USCIS Policy Memo: Accrual of Unlawful Presence for F, J and M Nonimmigrants
A recently issued USCIS Policy Memorandum (PM) changes how unlawful presence will be calculated for F, J and M Nonimmigrants. Determination of unlawful presence matters because if a nonimmigrant accrues unlawful presence of more than 180 continuous days, s/he will be barred from re-entry to the U.S. for 3-years, and unlawful presence of more than one continuous year results in a bar of 10-years.
Starting August 9, 2018, F, J and M Nonimmigrants begin accruing unlawful presence:
- The day after the F, J or M nonimmigrant no longer pursues the course of study or the authorized activity, or the day after he or she engages in an unauthorized activity;
- The day after completing the course of study or program, including any authorized practical training plus any authorized grace period (e.g., 60-days after completion of F-1 OPT);
- The day after the Form I-94 expires, if the F, J or M nonimmigrant was admitted for a date certain; or
- The day after an immigration judge or, in certain cases, the BIA orders the alien excluded, deported, or removed (whether or not the decision is appealed).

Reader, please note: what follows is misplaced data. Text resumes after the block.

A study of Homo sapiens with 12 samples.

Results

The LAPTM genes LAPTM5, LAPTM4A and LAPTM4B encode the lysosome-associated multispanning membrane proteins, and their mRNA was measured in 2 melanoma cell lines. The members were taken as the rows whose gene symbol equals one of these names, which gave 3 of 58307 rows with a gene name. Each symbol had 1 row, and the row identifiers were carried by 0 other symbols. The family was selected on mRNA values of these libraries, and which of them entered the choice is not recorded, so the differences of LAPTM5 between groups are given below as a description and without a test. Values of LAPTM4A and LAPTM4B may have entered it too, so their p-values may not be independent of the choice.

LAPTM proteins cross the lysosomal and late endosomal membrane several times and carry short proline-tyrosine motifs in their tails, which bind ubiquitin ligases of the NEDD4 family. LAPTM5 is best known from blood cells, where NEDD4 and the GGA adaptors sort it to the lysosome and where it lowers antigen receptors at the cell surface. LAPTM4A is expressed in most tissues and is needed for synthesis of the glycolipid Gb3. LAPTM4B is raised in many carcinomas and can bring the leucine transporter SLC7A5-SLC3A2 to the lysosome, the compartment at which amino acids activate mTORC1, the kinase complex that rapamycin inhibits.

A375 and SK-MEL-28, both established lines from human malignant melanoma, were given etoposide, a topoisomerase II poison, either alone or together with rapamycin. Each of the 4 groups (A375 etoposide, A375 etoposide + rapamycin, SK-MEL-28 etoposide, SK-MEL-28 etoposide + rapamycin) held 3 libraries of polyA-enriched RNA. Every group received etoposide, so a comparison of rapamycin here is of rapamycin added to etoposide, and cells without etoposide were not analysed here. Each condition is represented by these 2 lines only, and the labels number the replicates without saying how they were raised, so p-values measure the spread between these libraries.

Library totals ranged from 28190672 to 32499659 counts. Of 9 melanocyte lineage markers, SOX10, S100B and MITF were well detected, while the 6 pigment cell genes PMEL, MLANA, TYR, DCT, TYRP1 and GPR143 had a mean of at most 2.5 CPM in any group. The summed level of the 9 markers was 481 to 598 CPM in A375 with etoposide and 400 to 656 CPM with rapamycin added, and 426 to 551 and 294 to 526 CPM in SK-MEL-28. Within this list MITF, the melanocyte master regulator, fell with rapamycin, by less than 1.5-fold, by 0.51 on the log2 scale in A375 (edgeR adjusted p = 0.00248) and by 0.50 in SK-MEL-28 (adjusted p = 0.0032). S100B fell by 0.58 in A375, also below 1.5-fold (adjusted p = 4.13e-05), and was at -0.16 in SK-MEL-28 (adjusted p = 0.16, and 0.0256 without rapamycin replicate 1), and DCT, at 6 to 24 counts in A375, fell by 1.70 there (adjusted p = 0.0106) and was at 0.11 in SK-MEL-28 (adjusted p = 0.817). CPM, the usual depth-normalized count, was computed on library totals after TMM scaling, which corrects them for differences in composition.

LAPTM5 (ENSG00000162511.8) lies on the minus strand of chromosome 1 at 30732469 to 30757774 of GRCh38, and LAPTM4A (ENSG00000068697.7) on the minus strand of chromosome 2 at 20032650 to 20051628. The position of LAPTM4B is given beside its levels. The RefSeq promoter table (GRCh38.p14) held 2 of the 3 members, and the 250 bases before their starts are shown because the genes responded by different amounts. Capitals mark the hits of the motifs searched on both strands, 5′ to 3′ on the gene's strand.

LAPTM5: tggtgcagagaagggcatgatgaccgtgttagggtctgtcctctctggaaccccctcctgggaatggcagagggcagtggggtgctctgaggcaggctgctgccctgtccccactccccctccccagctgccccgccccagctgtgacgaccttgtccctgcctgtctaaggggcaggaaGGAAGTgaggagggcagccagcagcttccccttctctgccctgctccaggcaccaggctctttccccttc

For those whose violation began before August 9, 2018, they will start accruing unlawful presence on August 9, 2018, unless the alien had already started accruing unlawful presence on the earliest of (a) the day after DHS denied the request for an immigration benefit, if DHS made a formal finding that the alien violated his or her nonimmigrant status while adjudicating a request for another immigration benefit; (b) the day after his/her I-94 expired, if the F, J or M nonimmigrant was admitted for a date certain; or (c) the day after an immigration judge or the Board of Immigration Appeals ordered the nonimmigrant excluded, deported, or removed (whether or not the decision is appealed).
Prior to this policy change, F, J or M nonimmigrants only began to accrue unlawful presence after an official determination had been made by USCIS or an immigration judge that the nonimmigrant has violated his or her status. Under the new policy, an official determination isn’t required and thus an individual may begin accruing unlawful presence for months without realizing it.